Water Authority calls for increased allocations
The San Luis and Delta-Mendota Water Authority say CVP contractors deserve greater allocations after “wettest year on record”
LOS BANOS – The United States Bureau of Reclamation issued their updated allocation for south-of-Delta Central Valley Project (CVP) agricultural water service contractors last week, and some are none-to-pleased.
According to a statement issued by the San Luis and Delta-Mendota Water Authority, new allocations for south-of-Delta CVP and municipal and industrial water service contractors were at 40% and 75% respectively. But the Water Authority adds the allocations are significantly less than reasonably could be made by Reclamation.
“Given current hydrological conditions, [these allocations] are inexplicable. The last hydrologic year, 2017, was the wettest year on record in the Sacramento River watershed, and presently, all CVP reservoirs are above their historic average,” the Authority’s statement read.
The Water Authority went on to say that with the abundance of water, 40% and 75% allocations reveal that regulations, not the availability of water, are creating supply shortages and impediments to the efficient operation of the CVP.
“If the system cannot provide an adequate amount of water when water levels are above average, then clearly changes need to be made to the regulations governing the CVP,” said Jon Rubin, Interim Executive Director of the San Luis & Delta-Mendota Water Authority.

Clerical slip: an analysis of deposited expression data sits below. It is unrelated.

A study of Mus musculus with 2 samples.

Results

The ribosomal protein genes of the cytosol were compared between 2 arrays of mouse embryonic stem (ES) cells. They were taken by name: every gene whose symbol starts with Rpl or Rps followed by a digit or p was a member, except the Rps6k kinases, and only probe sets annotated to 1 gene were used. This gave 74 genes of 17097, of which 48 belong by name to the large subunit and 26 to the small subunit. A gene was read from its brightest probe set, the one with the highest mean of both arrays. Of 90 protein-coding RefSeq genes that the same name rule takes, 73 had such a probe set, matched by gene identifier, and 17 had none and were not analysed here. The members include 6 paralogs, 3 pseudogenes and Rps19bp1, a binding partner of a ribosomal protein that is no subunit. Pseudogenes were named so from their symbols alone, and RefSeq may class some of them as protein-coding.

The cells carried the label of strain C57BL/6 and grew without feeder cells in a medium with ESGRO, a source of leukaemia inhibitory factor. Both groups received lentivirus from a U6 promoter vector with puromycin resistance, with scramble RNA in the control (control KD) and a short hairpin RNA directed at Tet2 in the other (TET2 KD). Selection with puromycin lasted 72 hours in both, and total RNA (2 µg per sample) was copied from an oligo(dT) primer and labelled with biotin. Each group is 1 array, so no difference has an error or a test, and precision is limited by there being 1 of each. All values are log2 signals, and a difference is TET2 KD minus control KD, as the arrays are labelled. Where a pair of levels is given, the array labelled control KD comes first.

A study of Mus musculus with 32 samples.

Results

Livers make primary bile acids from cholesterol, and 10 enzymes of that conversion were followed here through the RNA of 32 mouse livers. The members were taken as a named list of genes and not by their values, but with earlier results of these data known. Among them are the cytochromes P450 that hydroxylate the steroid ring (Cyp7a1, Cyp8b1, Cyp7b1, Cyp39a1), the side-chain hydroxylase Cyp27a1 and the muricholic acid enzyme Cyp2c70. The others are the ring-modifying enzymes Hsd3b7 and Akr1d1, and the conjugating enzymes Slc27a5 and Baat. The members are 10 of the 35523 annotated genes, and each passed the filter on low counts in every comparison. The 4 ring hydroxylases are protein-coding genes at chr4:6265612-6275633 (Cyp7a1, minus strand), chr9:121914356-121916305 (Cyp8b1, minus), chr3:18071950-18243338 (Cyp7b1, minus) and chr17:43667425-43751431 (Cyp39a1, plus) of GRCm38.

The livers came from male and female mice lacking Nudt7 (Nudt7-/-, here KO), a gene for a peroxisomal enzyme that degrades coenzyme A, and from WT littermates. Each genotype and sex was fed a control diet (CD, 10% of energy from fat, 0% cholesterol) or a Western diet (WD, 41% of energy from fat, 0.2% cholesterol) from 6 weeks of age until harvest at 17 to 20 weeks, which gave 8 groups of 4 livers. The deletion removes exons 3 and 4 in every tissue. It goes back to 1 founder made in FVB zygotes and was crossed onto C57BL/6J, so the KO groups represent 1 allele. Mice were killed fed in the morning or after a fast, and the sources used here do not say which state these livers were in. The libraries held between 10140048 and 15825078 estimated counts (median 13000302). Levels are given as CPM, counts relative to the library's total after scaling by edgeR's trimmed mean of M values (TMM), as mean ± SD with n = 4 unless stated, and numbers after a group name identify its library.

Rubin went on to add that the allocations this year are particularly harmful to communities served by CVP water because they depend on higher allocations in years of water abundance to offset lower allocations in dry years.
“The state’s groundwater aquifers need to be replenished when supplies are available but that cannot happen if water deliveries are limited when surface water is available to deliver to farmers,” said Rubin.
Rubin called on Reclamation and other federal agencies to reevaluate their decision-making process given the fact that the restrictive operations of the CVP have been counterproductive for all uses of water, including for environmental purposes.
“The federal government continues to report a decline in fish populations. Communities served by the CVP have received progressively lower allocations which has impacted groundwater and water quality. And, farmers have been forced to fallow land and cut food production due to the uncertainly around water deliveries,” the statement says.
Congressman Jim Costa issued a statement over the water allocation amount on Sunday, April 22. He concurred with the Water Authority that the Bureau of Reclamations allocation and timing has put growers in a pinch when it comes to their business.
“The delayed announcement, coupled with the partial water allocations in a year where California has been blessed with record rainfall is simply unacceptable,” Costa said. “Farmers are in the middle of planting season. They are assessing their resources, meeting with their bankers, and applying for business loans. This delayed water allocation announcement hinders farmers’ ability to plant crops and sign contracts, which affects their bottom line and ultimately impacts California’s agriculture industry and our nation’s food supply.”